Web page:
By Rabbi Erica Asch, Temple Beth El Augusta


 We encourage you to use this Thanksgiving Prayer at your tables as you gather in gratitude for the blessings of abundance you reap and sow. We offer you a bit of the background story to help you talk about what you have learned in todays service

Background: Thanksgiving is traced to a 1621 celebration in Plymouth. This feast by the Pilgrims was sparely documented. For many years, Thanksgiving observances varied from state to state. In 1863, President Lincoln, influenced by Sarah Joespha Hale, declared Thanksgiving an official holiday. He felt that Thanksgiving would foster a sense of unity between North and South during a time of war.

While for many European Americans Thanksgiving is a time of joyous celebration, it is not the same for native peoples. The arrival of European settlers brought devastation to native communities. Up to 90% of the native population were killed by disease. European settlers forced Native Americans off their lands and into reservations. They killed countless people and signed false treaties. Native children were taken from their families and forced into schools where they were forbidden to speak their language or practice their religion. This devastation still impacts native communities today.

 A Thanksgiving Prayer

As we gather around our tables, on this holiday of Thanksgiving, we pause.

We give thanks for the many blessings in our lives.


For the blessing of sustenance

The food on this table,

the people who labored to in fields and warehouses to bring it to us,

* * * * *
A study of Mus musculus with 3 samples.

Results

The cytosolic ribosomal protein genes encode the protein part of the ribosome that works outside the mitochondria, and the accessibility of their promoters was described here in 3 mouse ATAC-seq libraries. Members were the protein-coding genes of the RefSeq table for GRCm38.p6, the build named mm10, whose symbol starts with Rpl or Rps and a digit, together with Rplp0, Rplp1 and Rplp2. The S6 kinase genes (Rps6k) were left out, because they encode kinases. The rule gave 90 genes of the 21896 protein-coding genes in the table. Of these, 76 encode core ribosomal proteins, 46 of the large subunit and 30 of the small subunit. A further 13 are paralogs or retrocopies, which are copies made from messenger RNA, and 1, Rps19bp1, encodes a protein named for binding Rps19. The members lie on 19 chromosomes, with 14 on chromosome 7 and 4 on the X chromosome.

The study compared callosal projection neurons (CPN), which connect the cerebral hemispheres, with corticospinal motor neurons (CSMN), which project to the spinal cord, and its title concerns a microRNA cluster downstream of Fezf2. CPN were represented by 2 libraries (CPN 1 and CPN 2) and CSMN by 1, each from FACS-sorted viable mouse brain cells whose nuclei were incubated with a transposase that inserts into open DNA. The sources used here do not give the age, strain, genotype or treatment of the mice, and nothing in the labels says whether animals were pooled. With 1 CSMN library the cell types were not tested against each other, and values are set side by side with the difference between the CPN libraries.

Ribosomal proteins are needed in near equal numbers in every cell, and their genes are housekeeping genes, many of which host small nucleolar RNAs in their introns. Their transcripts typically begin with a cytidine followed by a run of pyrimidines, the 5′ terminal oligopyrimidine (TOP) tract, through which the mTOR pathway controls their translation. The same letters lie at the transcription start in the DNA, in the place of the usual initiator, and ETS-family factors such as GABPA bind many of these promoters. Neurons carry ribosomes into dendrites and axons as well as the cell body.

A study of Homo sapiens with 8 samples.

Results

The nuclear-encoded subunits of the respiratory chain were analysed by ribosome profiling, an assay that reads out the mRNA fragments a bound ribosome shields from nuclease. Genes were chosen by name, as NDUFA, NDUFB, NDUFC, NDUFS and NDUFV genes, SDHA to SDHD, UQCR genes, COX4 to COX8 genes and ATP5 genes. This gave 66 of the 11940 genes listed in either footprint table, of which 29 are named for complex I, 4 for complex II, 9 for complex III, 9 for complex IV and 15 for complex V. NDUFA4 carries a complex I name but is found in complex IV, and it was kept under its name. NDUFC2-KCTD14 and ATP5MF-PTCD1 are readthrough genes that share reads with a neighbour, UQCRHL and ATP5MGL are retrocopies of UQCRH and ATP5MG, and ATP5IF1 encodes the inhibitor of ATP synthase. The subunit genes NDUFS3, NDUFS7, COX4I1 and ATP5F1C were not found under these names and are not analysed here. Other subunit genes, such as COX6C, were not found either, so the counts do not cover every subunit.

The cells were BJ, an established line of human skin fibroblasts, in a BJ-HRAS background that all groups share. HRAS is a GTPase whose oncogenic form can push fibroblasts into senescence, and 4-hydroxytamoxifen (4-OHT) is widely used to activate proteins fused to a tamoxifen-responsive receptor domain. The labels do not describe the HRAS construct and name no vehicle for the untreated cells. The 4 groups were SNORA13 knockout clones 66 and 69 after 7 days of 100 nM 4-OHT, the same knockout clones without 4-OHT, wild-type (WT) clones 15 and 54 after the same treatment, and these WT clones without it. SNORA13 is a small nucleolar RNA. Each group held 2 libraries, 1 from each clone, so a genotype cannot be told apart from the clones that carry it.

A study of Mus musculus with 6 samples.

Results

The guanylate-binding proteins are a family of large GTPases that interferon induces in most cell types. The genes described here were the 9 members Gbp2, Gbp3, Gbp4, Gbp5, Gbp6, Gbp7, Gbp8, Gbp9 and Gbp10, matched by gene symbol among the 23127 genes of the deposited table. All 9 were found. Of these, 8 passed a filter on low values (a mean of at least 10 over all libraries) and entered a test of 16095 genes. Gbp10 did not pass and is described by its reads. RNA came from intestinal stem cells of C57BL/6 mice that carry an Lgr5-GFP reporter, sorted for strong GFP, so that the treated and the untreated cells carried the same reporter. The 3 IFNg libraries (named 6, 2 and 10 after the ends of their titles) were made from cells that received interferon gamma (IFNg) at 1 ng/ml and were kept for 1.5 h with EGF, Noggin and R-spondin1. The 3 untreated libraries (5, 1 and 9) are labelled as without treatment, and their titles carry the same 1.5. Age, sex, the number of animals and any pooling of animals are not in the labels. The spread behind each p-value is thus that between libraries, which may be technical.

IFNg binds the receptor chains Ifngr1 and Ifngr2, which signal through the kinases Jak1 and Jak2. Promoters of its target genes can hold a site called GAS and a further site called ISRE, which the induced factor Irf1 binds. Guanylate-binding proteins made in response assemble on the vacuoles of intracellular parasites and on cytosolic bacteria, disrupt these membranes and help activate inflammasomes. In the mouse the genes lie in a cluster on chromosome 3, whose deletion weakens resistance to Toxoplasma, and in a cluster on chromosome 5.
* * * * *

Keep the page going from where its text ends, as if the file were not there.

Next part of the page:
those who prepared this meal with love.


For the blessing of community

The opportunity to gather with family and friends

the ability to share our joy with others,

the support we find in hard times.


For the blessing of freedom

Shelter to protect us from the harsh winds of winter,

health to enjoy this meal together,

the ability to worship as we wish.


For the blessing of awareness

The ability to acknowledge the suffering and tragic losses of the native peoples,

the opportunity to raise our awareness

the chance to begin on a better path.


While we give thanks, we are also mindful

Of those who live with scarcity and do not know what they will eat tomorrow

Of those who sit alone, without a supportive community surrounding them

Of those who do not have adequate shelter

Of those who are not yet ready to leave their current way of thinking.


As we join together today in celebration, we know our joy is not complete.

We remember the oppression native peoples faced, and continue to face, at our hands.

We acknowledge the benefits we have gained, even if we were not directly responsible.

We take this opportunity to begin again.


As we enter into our Thanksgiving meal, we pause.

We acknowledge the suffering that has occurred.

We give thanks for our ability to turn towards a different path.

We take responsibility for creating the world in which we want to live, today and every day.